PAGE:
Maintaining your personal infrastructure

Recently, Christine announced her return to the lab after her internship. She wrote that she found she had a more positive attitude toward completing her graduate research after her much-needed break.

I find that I’m similarly energized by my own return to the lab, although my circumstances are quite different. Since my current employer is just getting off the ground, there have been some long days, which haven’t left a great deal of time for much else. But it’s well worth it.

The setting for my new position is quite different than my former one within a large chemistry group in Big Pharma. Gone is some of the infrastructure to support the day-to-day functioning of the lab from which I had the luxury of benefiting in my last role.

Walk down to a supply room down the hall to get a box of gloves or pipettes? Nope.

Place a call to laboratory services to have such-and-such piece of equipment sent out for maintenance? Not so much.

Enjoy a leisurely brunch on the deck of my yacht? Not likely. Oh, wait—that never happened.

Those of us in this much smaller group will serve as a significant portion of our infrastructure (once our current arrangement of sharing lab space is complete), along with our other duties. Having more to do is also a welcome change after more than four months of unemployment.

I bring up the notion of infrastructure, as it has been fairly topical in recent years.

In a broader context, it refers to the services, structures, and organizations necessary to support a society. You know, the kind of things one takes for granted every day.

Much of the discussion regarding the infrastructure here in the U.S. has the word “crumbling” appearing with unfortunate frequency, particularly with the current condition of the economy.

Although the topic in this context is very important, I believe each of us has our own personal infrastructure.

Sure, there are the gadgets and conveniences that help us live our lives. I’m more interested in the part that is internal rather than external.

Don’t let this happen to you, within or without.

It’s what keeps us anchored and helps us weather whatever storms come our way….and there will be storms, often without any warning. It’s a good idea to prepare yourself and build up your infrastructure. But how?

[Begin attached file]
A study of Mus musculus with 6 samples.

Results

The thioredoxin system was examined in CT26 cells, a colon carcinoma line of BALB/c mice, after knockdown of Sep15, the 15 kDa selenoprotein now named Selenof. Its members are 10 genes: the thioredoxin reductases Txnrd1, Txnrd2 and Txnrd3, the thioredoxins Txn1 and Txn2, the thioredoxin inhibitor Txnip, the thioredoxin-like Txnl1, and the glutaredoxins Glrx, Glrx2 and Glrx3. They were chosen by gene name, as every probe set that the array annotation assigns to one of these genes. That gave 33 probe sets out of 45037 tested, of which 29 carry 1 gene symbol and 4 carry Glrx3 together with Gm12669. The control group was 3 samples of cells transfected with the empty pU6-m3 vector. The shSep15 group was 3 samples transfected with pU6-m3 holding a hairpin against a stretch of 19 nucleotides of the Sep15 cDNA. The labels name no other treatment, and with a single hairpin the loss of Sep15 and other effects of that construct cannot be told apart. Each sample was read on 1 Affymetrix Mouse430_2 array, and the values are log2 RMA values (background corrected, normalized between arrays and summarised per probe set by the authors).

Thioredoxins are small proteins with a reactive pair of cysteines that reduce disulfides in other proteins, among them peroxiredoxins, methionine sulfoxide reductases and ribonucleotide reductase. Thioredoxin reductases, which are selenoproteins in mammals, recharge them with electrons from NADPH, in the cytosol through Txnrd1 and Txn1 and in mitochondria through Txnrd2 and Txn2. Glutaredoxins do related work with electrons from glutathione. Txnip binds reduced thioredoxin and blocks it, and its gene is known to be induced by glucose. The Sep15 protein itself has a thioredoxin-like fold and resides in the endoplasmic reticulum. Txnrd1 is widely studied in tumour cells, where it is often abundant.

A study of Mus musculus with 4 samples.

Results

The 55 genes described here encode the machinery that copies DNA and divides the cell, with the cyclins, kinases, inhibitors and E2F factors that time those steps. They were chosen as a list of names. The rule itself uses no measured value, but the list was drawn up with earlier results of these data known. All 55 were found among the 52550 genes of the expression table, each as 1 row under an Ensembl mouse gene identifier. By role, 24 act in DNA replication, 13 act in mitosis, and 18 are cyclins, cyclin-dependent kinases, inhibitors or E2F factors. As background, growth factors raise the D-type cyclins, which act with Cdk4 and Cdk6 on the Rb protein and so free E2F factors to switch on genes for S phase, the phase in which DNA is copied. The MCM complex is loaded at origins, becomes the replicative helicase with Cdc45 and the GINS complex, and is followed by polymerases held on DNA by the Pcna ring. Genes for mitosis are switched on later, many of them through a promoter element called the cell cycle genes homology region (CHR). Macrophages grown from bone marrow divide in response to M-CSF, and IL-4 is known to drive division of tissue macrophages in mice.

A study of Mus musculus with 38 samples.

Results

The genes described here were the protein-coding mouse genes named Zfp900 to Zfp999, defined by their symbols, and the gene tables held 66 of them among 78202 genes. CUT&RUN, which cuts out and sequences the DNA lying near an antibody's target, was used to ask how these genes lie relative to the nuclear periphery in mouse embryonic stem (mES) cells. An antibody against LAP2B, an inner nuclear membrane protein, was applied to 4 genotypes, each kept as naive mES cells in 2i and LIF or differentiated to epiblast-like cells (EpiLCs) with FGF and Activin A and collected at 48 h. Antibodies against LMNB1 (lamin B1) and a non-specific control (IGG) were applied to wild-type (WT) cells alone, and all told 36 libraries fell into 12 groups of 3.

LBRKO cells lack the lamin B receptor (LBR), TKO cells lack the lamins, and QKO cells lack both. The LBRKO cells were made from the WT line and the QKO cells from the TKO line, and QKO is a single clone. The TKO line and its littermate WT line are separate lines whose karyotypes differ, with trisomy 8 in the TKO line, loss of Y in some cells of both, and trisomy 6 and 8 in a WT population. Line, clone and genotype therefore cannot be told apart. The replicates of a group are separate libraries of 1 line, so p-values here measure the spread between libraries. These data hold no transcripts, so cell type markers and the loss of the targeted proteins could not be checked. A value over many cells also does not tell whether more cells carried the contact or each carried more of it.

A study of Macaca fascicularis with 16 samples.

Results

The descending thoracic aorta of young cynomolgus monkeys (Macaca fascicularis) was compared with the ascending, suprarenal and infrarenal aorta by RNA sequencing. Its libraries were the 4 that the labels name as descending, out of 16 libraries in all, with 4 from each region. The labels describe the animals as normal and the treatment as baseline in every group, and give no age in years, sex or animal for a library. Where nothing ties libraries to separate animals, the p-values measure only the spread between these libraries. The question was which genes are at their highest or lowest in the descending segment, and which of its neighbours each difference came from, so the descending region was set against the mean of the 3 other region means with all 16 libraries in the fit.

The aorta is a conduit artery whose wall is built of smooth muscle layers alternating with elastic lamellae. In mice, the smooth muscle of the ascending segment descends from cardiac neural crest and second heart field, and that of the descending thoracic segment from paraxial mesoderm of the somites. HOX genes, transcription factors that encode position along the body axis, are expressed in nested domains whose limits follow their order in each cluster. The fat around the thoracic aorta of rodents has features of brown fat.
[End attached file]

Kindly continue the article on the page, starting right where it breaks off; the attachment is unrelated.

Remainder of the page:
Just about anything you do (assuming it’s not to someone else’s detriment) that helps you grow as person and feel positive about yourself can qualify. There are a few somewhat random things, though, that helped me get through my own stormy period, and continue to help me as I continue to acclimate into my new position.

One component is remaining calm if you can help it. Having a hair trigger on your panic button is not terribly conducive to rational thought.

The broader your foundation, the more stable it’s likely to be. You can increase the breadth of your foundation by adding to your transferable skillset.

I should note that, although you are responsible for much of your personal infrastructure, I’m not suggesting some sort of you-versus-everyone-else rugged individualism. Far from it.

I mention that because an essential component is your network, or, as it used to be called, your friends and colleagues. Remember them? And, please, you don’t always have to be “working” your network. Just get together with people and listen.

And, much like our society’s various infrastructures, yours requires maintenance. Keeping it sound and stable can strengthen your ability to focus and be productive

So, keep busy. Go for a walk. Read something. Organize your stuff. Do volunteer work. Write short imperative sentences. Hide Easter eggs.

So, what do you think? What’s the most important component of your personal infrastructure, and how do you keep it from falling apart?

Author: Glen Ernst

Chemistry and pharma researcher and manager. Lifelong passion for science, the arts and language. Blogger for CENtral Science, also blogging as The Scientist Next Door. LinkedIn: http://www.linkedin.com/in/glenernst


  1. Very insightful thoughts that remind us of the fact that even as “transition happens” we have continuities personally and professionally that do sustain us. In the earliest weeks and months of a new position /organization, I recall ( in retrospect) how important it was to recreate the personal/ professional infrastructure that assists me in being my best in a new community of work.

  2. Maintaining Your personal infrastructure is one of the most important things that everybody should do. A nice thing to do everyday is to switch off your phone or leave Your phone and everything else in the other room and have some time just with yourself :) The same thing works really well if you need to get something done- just leave everything else and take your task and yourself without any disruptions.. Mobile phone is one thing that you cant live without but which disrupts you just so much.